Really creative work from Anthony Braxton – a 70s gem that has the reedman working in two different settings – both of them great! The first half of the record reunites Braxton with the electronics of Richard Teitelbaum – working here on some very cool moog, mixed with percussion – all in the best dark sounds of the Time Zones recording from the pair. Leo Smith is also in the group on trumpet – adding in a sense of space that's really wonderful – and Braxton himself works a variety of clarinets with really rich sounds – as the trio takes off on "Composition 36". The rest of the record shows that great old school side of Braxton – that crucial knowledge of the American jazz songbook that he only showed the world this strongly in the mid 70s – and which sparkles here as one of the best examples of that love! The remaining tracks feature Anthony on alto and Dave Holland on bass – working out some really special magic on "The Song Is You", "You Go To My Head", and "Embraceable You". (Cover has light wear.) © 1996-2015, Dusty Groove, Inc.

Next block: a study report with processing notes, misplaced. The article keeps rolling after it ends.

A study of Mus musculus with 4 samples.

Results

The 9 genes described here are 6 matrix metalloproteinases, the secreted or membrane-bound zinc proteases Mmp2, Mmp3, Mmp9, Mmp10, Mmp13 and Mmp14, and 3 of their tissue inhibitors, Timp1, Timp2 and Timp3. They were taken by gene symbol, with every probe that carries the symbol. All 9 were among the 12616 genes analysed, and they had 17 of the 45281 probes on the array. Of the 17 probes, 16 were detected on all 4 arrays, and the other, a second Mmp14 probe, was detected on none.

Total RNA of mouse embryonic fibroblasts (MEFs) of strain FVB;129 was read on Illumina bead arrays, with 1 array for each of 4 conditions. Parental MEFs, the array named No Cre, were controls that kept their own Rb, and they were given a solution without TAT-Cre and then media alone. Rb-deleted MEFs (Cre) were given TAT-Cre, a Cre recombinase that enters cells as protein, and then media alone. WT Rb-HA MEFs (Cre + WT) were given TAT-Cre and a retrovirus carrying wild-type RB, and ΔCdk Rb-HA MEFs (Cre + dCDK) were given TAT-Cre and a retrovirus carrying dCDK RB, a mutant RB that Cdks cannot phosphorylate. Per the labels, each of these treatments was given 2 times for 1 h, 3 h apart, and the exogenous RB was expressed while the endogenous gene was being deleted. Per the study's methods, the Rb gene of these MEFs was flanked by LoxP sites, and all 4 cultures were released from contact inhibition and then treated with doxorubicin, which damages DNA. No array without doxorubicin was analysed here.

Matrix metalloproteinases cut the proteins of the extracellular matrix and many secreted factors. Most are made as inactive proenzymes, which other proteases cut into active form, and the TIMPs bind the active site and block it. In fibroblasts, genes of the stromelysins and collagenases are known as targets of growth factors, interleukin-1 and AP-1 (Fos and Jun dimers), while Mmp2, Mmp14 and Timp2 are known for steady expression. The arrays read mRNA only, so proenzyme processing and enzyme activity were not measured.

We realize that there are many different interpretations of the standard grades used for pre-owned vinyl record albums & CD, so we thought we'd offer you the ones that we are working with, so you have an idea what we mean when we give the grade for a non-new item on our pages.
Below are stated conditions for a used vinyl records at Dusty Groove. Grading for the cover should be assumed to be near (within a "+" or "-") the grading for the vinyl. If there is significant divergence from the condition of the vinyl, or specific flaws, these will be noted in the comments section of the item. However, please be aware that since the emphasis of this site is towards the music listener, our main concern is with the vinyl of any used item we sell. Additionally, please note that all of our records are graded visually; considering the volume of used vinyl we handle, it is impossible for us to listen to each record. If we spot any significant flaws, we make every attempt to listen through them and note how they play.
The following grading conditions apply to the vinyl component of an album or single:
If something is noteworthy, we try to note it in the comments — especially if it is an oddity that is the only wrong thing about the record. This might include, but isn't limited to, warped records, tracks that skip, cover damage or wear as noted above, or strictly cosmetic flaws.